Published Opinions - December 31, 2015

Barber v. State of Nevada (conviction reversed for insufficient evidence of burglary)

foggy_hand_print_by_heylinbeauty-d4n4yv6.jpg
  •  Cold case hit out of Clark County.  Home burglary where latent palm print on outside of window which was determined to be point of entry matched Mr. Barber.  Defendant was 17 at the time of the alleged burglary, but was arrested and charged when he had already turned 18.
  • Procedural issue involving juvenile jurisdiction and NRS 62D.310(3) decision that juvenile court maintains jurisdiction over a 'juvenile' even after the expiration of the 1 year period.
  • Insufficient evidence at trial to support burglary because the print was outside of the structure and to support burglary there must be evidence of entry.

State of Nevada v. Boston (vacated district court order and remanded for further proceedings)

Juvenile_In_Custody.jpg
  • Defendant, age 16, was found guilty of kidnapping 1st degree, multiple counts of sexual assault with a deadly weapon, robbery, lewdness with a minor, and a number of other charges.  He was sentenced to 14 consecutive life with the possibility of parole sentences and an additional 92 years.  Defendant would have to serve 100 years before he would be considered for parole.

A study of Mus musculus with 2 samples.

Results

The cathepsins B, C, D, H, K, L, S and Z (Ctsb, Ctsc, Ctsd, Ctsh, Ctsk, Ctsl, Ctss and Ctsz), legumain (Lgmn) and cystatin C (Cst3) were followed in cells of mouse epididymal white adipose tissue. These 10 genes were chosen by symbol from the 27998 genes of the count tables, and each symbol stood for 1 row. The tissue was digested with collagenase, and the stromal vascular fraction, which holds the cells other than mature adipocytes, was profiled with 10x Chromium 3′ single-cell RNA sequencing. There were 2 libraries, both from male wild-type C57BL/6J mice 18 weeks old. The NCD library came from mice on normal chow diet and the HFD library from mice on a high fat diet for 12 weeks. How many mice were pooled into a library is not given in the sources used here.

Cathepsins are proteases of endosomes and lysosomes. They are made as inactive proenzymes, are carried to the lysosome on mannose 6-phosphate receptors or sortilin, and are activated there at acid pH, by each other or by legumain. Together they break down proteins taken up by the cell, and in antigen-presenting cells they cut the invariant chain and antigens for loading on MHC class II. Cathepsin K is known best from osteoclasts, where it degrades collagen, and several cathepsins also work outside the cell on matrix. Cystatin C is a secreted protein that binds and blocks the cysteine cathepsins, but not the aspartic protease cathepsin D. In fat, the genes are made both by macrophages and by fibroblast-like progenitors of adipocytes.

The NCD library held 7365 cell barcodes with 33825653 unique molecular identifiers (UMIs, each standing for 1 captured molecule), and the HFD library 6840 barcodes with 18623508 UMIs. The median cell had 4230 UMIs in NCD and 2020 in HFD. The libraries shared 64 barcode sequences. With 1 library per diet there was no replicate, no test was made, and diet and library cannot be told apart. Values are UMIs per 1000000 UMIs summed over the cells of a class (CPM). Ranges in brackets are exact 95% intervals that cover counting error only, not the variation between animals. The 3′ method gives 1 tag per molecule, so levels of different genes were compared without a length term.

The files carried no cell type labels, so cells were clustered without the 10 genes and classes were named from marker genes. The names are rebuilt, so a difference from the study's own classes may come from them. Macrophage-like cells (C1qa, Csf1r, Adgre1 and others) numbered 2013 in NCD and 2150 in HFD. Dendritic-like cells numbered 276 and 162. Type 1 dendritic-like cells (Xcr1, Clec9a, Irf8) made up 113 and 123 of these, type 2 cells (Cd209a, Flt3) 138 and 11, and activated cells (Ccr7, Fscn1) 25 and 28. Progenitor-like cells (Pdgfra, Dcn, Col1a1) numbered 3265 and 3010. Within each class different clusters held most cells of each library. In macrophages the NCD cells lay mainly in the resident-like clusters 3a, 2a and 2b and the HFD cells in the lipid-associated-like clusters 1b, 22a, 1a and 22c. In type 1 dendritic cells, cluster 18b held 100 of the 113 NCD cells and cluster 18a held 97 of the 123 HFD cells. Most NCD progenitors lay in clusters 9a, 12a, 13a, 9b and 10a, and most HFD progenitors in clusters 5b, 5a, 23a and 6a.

• U.S. Supreme Court Graham (2010) applies therefore it is unconstitutional and cruel and unusual punishment when an aggregate sentence imposed against a juvenile offender convicted of more than one non-homicide offense is the equivalent of a life-without-parole sentence.
  • Assembly Bill 267 remedied Defendant's claim as it added a new subsection of NRS Chapter 213 which makes prisoners eligible for parole after 15 years if their sentences were for non-homicide crimes committed when they were juveniles.

Gonzalez v. State of Nevada (reversed conviction and remanded for new trial)

  • Gang related shooting where defendant argued he shot in defense of others.  Jury found defendant guilty of 1st degree murder with a deadly weapon and gang enhancement.  During trial, the judge refused to provide answers to two juror questions regarding conspiracy theory and refused to bifurcate the guilt and gang-enhancement portion of the trial. 
  • "In situations where a jury's question during deliberations suggests confusion or lack of understanding of a significant element of the applicable law, the judge has a duty to give additional instructions on the law to adequately clarify the jury's doubt or confusion."
  • "To provide the defendant with a fair trial, the guilt phase of trial must be bifurcated from gang-enhancement phase."
  • Court also found that a jury instruction that intertwined self-defense and defense of others was unduly confusing to jury.
  • Judge should have given a cautionary jury instruction on accomplice-distrust as the state's witness' testimony was uncorroborated that the killing was a premeditated plan versus a spontaneous clash between rival bikers.